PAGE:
The Difficulty of Forgiveness
Why is forgiveness and letting go so difficult? Almost everyone has been hurt by the actions or words of other people; we've been treated badly, our trust was broken and we felt heartbreak.
Some examples are: a mate that cheats, a parent that criticizes the way we are raising our children or a friend that tells your secrets behind your back to someone else.
These wounds will often leave you feeling angry, bitter or probably even vengeful. Even wanting to forgive the other person is not always easy. Sometimes we are so caught up in pain or humiliation we cannot move beyond those feeling for a period of time, as we just don't know how to let go.
The definition of forgiveness according to Merriam Webster dictionary:
Definition: "to stop feeling anger toward (someone who has done something wrong) : to stop blaming (someone) : to stop feeling anger about (something) : to forgive someone for (something wrong) : to stop requiring payment of (money that is owed)"
Mending the Heart
Decision is a Choice
Certainly forgetting and forgiving are two different things. If we are really hurt we will probably never completely forget, although with time we may be able to look back at the situation without as much pain.
Forgiveness is a choice, not a feeling. The best reason to make that choice is to help you, not for the other person necessarily. The decision to forgive is a decision to let go of resentment and thoughts of revenge.
When you do make a decision to forgive, you may have more understanding, empathy or compassion for the one who hurt you. Most importantly you will be at peace and much less stressed.
Catherine Piderman, Ph.D., of the Mayo Clinic describes forgiveness as” a decision to let go of resentment and thoughts of revenge.” When you forgive you are able to focus more on the positive aspects of your life. It may even lead to a better understanding or empathy toward the person that hurt you.
It certainly doesn't mean that you deny the other person's responsibility, and it doesn't minimize or justify the wrong either. You can decide to forgive the person without excusing the act, which should bring you a kind of peace and help you move on in your life.
Erma Louise Bombeck-a beloved lady
“People are always asking couples whose marriage has endured at least a quarter of a century for their secret for success. Actually, it is no secret at all. I am a forgiving woman. Long ago, I forgave my husband for not being Paul Newman."
How to Let Go
The question is how to forgive?
First, you have to commit to letting go. This step may take time but when you commit to change is because you recognize the pain is hurting you.
Evaluate the pros and cons of the situation:
- Is the pain hurting your relationships with the other person?
- Does it affect you at work or with your family?
- Does it make you unhappy?
Think of the benefits of forgiveness, which occur when you're no longer in pain, including more happiness, and your relationships in general will improve.
Know this is your choice, and that you can't control the actions of anybody else. You can choose to stop reliving the hurt. The powers is yours, you just need to learn how to use it.
Try to empathize and put yourself in the other person's shoes. Try to understand why the person did what they did, making the assumption they are not a bad person but they just made a mistake or used poor judgment.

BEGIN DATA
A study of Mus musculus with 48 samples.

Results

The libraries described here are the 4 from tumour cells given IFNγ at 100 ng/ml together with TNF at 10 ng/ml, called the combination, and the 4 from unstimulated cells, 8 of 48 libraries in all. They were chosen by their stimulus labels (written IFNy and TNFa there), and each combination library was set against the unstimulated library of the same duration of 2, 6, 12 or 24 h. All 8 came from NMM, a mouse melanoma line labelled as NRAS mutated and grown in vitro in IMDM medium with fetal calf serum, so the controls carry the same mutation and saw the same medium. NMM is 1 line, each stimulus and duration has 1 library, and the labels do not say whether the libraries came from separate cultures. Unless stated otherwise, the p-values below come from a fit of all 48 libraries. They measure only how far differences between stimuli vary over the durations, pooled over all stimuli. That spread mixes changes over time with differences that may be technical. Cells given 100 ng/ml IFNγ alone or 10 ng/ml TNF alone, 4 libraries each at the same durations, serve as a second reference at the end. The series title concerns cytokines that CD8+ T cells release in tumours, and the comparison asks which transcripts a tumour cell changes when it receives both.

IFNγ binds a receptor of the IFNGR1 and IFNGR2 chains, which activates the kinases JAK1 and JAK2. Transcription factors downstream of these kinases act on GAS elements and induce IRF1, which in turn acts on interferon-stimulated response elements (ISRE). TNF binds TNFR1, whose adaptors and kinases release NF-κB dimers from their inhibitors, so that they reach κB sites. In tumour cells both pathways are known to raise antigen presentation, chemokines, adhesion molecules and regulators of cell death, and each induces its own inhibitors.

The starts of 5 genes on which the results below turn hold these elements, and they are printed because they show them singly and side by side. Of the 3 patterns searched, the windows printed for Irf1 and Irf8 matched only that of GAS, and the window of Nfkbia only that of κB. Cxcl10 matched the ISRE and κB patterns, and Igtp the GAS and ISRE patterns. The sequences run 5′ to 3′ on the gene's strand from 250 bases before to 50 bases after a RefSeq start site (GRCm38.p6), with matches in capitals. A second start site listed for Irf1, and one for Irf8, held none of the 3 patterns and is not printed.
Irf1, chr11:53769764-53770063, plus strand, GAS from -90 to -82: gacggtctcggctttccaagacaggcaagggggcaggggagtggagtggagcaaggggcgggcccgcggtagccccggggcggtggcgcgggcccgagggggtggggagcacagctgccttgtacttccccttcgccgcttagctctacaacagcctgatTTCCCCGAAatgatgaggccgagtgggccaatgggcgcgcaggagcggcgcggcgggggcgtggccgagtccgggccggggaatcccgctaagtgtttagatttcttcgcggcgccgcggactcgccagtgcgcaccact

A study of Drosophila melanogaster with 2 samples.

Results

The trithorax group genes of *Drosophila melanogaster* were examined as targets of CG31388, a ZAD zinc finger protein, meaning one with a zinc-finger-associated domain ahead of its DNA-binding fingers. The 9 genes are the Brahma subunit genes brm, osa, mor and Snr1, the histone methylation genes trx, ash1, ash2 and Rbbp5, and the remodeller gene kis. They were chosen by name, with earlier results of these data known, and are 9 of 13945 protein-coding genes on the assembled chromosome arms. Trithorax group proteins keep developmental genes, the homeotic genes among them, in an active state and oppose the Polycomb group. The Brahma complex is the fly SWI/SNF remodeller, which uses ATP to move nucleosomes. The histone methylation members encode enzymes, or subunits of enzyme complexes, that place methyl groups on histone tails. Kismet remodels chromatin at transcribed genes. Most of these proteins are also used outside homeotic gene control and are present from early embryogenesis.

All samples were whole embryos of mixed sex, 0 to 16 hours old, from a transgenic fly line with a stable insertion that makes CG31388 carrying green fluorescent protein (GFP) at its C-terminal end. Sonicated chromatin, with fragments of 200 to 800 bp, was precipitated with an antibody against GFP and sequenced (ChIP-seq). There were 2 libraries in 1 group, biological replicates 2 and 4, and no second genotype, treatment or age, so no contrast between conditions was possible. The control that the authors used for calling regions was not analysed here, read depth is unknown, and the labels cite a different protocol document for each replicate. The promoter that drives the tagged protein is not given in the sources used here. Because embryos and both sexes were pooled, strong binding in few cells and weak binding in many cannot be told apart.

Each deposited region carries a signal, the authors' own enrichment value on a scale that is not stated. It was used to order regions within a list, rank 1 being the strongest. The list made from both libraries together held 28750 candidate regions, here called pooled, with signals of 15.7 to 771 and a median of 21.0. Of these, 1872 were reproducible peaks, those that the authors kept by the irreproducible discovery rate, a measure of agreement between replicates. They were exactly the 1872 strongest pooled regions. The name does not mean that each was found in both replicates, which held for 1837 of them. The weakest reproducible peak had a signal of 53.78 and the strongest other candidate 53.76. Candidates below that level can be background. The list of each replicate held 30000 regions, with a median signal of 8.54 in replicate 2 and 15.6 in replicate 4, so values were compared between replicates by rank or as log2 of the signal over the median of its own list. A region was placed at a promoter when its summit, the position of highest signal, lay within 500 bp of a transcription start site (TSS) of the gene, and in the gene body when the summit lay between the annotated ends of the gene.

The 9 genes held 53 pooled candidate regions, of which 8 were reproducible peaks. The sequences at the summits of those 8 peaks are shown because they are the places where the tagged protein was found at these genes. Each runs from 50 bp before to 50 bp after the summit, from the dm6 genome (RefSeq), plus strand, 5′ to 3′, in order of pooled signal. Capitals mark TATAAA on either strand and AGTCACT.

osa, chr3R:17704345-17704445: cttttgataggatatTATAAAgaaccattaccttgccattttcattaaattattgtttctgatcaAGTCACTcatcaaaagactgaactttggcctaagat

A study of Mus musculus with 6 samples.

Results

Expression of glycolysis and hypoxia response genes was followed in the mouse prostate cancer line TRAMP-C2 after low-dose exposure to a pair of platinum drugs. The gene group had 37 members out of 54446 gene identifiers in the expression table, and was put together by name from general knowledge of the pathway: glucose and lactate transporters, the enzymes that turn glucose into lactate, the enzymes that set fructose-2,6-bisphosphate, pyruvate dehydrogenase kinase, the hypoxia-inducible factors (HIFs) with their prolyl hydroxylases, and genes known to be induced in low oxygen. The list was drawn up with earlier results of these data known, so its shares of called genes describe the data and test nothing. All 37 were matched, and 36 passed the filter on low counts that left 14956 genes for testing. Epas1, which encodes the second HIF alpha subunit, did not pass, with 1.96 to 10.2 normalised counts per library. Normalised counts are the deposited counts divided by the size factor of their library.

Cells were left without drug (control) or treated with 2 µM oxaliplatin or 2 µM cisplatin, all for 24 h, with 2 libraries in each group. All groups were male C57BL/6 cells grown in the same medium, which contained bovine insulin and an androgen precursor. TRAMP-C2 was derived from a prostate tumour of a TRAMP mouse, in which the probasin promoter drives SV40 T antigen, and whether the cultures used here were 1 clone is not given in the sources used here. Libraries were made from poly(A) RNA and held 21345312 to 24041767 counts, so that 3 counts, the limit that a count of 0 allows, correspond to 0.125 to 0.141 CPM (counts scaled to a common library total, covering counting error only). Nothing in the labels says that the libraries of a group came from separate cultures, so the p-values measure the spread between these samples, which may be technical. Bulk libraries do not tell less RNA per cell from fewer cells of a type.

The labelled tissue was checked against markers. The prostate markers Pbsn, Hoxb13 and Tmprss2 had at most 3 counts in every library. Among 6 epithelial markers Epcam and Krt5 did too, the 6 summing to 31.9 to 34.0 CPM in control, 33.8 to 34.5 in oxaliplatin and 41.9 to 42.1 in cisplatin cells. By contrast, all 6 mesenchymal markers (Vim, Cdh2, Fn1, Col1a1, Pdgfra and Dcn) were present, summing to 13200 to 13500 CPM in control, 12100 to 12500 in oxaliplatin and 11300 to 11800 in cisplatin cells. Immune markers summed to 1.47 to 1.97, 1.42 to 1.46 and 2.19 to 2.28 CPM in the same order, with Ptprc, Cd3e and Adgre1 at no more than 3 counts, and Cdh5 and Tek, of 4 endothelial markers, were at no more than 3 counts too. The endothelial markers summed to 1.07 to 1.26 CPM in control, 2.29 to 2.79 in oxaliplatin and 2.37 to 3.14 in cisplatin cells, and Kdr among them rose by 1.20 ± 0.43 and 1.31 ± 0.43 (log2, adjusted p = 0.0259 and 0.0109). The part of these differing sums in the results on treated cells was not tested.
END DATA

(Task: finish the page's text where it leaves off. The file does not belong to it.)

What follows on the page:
You can ask yourself what could have happened to this person in the past to make them act that way. You are not saying what they did is right, but you are trying to understand.
Be sure to take a look at yourself to see if you had any responsibility for the event. Was there something you could've done to prevent it? Sometimes you have to learn how to forgive yourself.
Move your thoughts into the present and understand that the past can't be changed but your attitude can. Look at what brings you joy right now and when your mind takes you back to that event you should gently bring yourself back to your present circumstances.
Forgiveness and the Freedom of Letting go
Soar with the Eagles Instead of Walking with the Turkeys!
Benefits of Forgiveness
It usually helps to do meditation and/or yoga to keep a positive attitude and a healthier body. Focus on your breathing, imagining each breath that goes out is the pain you have been living with as it is released from your body and mind. Welcome the peace that enters your life.
Forgiveness will bring you peace that would help you enjoy the rest of your life. When you let go of hurts and grudges and you have room for compassion and kindness.
The benefits of forgiveness will lead to:
- Healthier relationships.
- Greater spiritual and psychological well-being.
- Less stress and hostility.
- A healthier body, such as lower blood pressure, less headaches, etc.
- Fewer symptoms of depression, anxiety or chronic pain.
- A lower risk of alcohol or substance abuse.
Alicia Keys Pray For Forgiveness
Obviously learning how to let go and forgive will make for a happier, healthier life. You are moving away from the victim role and into a place of more joy.
I heard an old saying years ago and I don't know who the author is but it's so true; “He who angers me controls me." I do not like the idea of being controlled at all, so this little saying has helped me numerous times.
The copyright, renewed in 2018, for this article is owned by Pamela Oglesby. Permission to republish this article in print or online must be granted by the author in writing.